Evidence

The following links will take you to PubMed, the US National Library of Medicine. These are articles that support the use of metabolic therapies such as ketogenic diets and therapeutic fasting to impact on cancer treatment and prevention.  Abstracts are available for all articles, some will have links to the full text, but others are behind a paywall.  

 

Fasting

Why do women fast during breast cancer chemotherapy? A qualitative study of the patient experience.   

https://www.ncbi.nlm.nih.gov/pubmed/30825263

Fasting and cancer treatment in humans: A case series report.

https://www.ncbi.nlm.nih.gov/pubmed/20157582

When less may be more: calorie restriction and response to cancer therapy.

https://www.ncbi.nlm.nih.gov/pubmed/28539118

Safety and feasibility of fasting in combination with platinum-based chemotherapy.

https://www.ncbi.nlm.nih.gov/pubmed/27282289

Fasting cycles retard growth of tumors and sensitize a range of cancer cell types to chemotherapy.

https://www.ncbi.nlm.nih.gov/pubmed/22323820

The effects of short-term fasting on tolerance to (neo) adjuvant chemotherapy in HER2-negative breast cancer patients: a randomized pilot study.
 
Enhanced Therapeutic Efficacy in Cancer Patients by Short-term Fasting: The Autophagy Connection.
 
The effects of short-term fasting on quality of life and tolerance to chemotherapy in patients with breast and ovarian cancer: a randomized cross-over pilot study.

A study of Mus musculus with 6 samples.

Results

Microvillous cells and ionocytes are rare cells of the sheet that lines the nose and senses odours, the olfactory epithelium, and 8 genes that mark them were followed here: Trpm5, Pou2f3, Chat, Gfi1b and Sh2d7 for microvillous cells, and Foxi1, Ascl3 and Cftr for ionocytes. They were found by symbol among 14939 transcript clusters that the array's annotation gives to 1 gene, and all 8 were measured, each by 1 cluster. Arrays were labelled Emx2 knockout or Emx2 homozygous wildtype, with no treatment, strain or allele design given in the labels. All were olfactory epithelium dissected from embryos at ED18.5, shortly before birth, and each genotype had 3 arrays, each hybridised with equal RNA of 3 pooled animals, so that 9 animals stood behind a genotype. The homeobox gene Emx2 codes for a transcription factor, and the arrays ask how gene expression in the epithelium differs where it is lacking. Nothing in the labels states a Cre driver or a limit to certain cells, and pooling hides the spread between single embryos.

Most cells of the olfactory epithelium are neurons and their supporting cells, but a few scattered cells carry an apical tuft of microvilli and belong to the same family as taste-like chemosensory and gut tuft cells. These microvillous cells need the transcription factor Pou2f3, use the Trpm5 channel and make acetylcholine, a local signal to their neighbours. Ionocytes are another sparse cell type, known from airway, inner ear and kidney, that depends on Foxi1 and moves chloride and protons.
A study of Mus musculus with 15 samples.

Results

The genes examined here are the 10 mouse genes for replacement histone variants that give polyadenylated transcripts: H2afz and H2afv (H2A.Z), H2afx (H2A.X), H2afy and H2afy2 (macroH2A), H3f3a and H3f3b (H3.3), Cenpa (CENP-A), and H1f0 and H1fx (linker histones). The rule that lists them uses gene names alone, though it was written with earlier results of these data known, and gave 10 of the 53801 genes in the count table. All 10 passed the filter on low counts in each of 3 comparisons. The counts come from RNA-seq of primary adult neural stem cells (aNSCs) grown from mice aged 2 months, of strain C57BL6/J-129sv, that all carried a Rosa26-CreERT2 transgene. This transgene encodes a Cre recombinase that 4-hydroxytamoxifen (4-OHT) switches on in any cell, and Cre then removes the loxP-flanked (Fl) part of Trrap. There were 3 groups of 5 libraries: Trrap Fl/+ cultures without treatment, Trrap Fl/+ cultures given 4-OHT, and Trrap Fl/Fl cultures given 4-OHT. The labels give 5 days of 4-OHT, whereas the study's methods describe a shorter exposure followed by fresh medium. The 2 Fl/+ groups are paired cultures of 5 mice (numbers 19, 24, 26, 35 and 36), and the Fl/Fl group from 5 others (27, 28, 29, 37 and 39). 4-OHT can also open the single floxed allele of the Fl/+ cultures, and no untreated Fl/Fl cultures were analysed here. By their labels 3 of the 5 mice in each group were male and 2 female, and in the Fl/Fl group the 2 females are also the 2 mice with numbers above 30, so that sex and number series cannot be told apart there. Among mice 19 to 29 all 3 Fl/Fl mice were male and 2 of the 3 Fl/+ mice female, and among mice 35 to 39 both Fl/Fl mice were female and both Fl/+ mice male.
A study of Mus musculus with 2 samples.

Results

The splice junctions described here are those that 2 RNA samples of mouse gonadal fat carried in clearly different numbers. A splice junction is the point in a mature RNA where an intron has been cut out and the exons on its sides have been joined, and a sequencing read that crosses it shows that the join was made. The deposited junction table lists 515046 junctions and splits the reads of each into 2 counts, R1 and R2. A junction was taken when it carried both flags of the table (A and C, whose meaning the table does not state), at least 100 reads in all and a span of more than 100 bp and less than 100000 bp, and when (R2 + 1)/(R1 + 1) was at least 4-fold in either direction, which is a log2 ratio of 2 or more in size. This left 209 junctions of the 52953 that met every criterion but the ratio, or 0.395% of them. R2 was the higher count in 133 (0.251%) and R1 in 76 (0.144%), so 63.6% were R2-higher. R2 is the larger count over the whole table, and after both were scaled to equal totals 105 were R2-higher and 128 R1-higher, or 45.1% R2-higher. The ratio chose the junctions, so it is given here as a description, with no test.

Fasting cycles potentiate the efficacy of gemcitabine treatment in in vitro and in vivo pancreatic cancer models.
 
Fasting induces anti-Warburg effect that increases respiration but reduces ATP-synthesis to promote apoptosis in colon cancer models.
 
Fasting: starving cancer.
 
Selectively starving cancer cells through dietary manipulation: methods and clinical implications.
 
Fasting regulates EGR1 and protects from glucose- and dexamethasone-dependent sensitization to chemotherapy.
 
Starvation based differential chemotherapy:  a novel approach for cancer treatment.
 
Fasting and differential chemotherapy protection in patients.

Autophagy and intermittent fasting: the connection for cancer therapy?
 
Starvation-dependent differential stress resistance protects normal but not cancer cells against high-dose chemotherapy.
 
Reduced levels of IGF-I mediate differential protection of normal and cancer cells in response to fasting and improve chemotherapeutic index.
 
Pretreatment with alternate day modified fast will permit higher dose and frequency of cancer chemotherapy and better cure rates.